TV networks usually base upfront negotiations on the prices advertisers paid last year, but USA and AMC are saying they want to kick things off well above those levels and haggle over increases from there, according to media buyers.
For USA, the "re-pricing" of last year's deals -- anywhere from 9% to 60% depending on the base -- reflects the arrival of "Modern Family" in syndication this fall. Media buyers said USA went out about two months ago with plans pricing "Modern Family" around double the network's typical prime-time base.
The network, which is owned by NBC Universal, has a tradition of going after volume in upfront negotiations at the expense of price increases. But that's expected to change with Linda Yaccarino now at the helm. Based upon USA's upfront presentation, the network is looking to establish "Modern Family" as an asset as valuable as its original prime-time programming, making it unsurprising that they are seeking comparable pricing.
An NBC Universal spokeswoman declined to comment on the negotiations.
At AMC, executives are seeking pricing adjustments on its original series around 30%, citing the the runaway success of "The Walking Dead." The re-pricing seems more negotiable at AMC than USA, according to buyers.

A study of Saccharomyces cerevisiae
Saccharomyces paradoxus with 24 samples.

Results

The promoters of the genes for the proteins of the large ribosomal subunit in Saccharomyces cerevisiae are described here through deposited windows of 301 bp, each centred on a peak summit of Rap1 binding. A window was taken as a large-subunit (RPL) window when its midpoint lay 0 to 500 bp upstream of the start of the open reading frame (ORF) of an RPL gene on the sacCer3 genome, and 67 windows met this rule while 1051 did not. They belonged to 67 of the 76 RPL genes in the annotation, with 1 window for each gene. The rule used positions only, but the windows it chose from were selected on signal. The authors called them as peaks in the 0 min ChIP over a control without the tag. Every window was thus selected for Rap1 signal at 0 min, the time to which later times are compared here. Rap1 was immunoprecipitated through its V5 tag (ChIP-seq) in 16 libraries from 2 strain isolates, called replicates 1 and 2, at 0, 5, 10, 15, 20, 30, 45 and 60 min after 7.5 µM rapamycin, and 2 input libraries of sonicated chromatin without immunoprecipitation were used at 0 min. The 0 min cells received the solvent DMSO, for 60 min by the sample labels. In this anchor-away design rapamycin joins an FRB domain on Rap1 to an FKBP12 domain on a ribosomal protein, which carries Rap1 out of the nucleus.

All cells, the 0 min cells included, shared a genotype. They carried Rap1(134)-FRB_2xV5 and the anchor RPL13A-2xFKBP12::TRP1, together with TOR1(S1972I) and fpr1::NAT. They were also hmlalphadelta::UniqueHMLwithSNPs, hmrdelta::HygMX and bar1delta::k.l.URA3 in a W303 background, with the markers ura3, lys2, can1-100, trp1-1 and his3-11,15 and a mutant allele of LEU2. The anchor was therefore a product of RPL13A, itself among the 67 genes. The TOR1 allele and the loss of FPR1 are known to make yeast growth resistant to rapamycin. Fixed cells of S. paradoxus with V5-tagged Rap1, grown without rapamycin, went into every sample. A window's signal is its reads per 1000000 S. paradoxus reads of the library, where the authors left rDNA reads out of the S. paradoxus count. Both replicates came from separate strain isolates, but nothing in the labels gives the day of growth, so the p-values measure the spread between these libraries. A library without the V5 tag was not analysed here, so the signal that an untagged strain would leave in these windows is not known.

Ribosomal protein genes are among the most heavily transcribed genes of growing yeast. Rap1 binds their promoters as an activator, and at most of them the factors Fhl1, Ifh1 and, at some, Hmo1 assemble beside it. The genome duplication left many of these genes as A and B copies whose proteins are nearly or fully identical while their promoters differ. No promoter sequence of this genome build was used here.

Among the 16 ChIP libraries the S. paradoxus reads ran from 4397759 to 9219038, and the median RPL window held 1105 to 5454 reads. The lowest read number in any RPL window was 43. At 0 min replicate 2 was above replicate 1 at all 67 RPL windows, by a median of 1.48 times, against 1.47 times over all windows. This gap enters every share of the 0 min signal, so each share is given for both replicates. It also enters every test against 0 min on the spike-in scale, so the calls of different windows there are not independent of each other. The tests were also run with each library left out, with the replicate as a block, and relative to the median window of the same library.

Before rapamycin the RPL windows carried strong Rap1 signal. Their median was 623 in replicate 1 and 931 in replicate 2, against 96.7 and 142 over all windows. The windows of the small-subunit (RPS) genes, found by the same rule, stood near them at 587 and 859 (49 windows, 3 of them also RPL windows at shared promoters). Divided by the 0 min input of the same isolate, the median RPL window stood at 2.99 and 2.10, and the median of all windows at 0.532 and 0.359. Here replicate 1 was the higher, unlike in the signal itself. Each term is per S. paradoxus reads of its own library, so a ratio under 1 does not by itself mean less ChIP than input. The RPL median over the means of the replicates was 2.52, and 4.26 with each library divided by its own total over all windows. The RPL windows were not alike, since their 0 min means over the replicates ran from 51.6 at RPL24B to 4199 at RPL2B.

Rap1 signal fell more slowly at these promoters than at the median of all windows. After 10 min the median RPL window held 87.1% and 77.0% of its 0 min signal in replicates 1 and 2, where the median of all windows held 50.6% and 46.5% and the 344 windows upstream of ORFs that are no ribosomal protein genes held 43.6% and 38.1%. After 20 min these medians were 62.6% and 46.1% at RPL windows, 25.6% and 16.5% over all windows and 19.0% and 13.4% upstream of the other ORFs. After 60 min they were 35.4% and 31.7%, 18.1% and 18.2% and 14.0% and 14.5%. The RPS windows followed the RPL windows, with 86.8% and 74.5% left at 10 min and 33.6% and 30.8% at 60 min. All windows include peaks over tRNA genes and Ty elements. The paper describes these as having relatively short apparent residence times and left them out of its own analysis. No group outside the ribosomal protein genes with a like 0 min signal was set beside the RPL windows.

An AMC spokeswoman declined to comment.
Networks typically will limit the amount of inventory available for sale in a returning hit show rather than make the whole market pay a substantial increase, according to one buyer.
"The cable networks want the advertisers to keep buying their new shows every year so they normally will limit the amount of inventory for sale to the same unit loads from the previous upfront," the buyer said, "rather than turn around and say thanks for your support last year -- here is your plus-30% increase."
A&E Networks is expected to reap some of the benefits of this, another media buyer suggested, noting that A&E's ad sales team has said it will honor last year's base.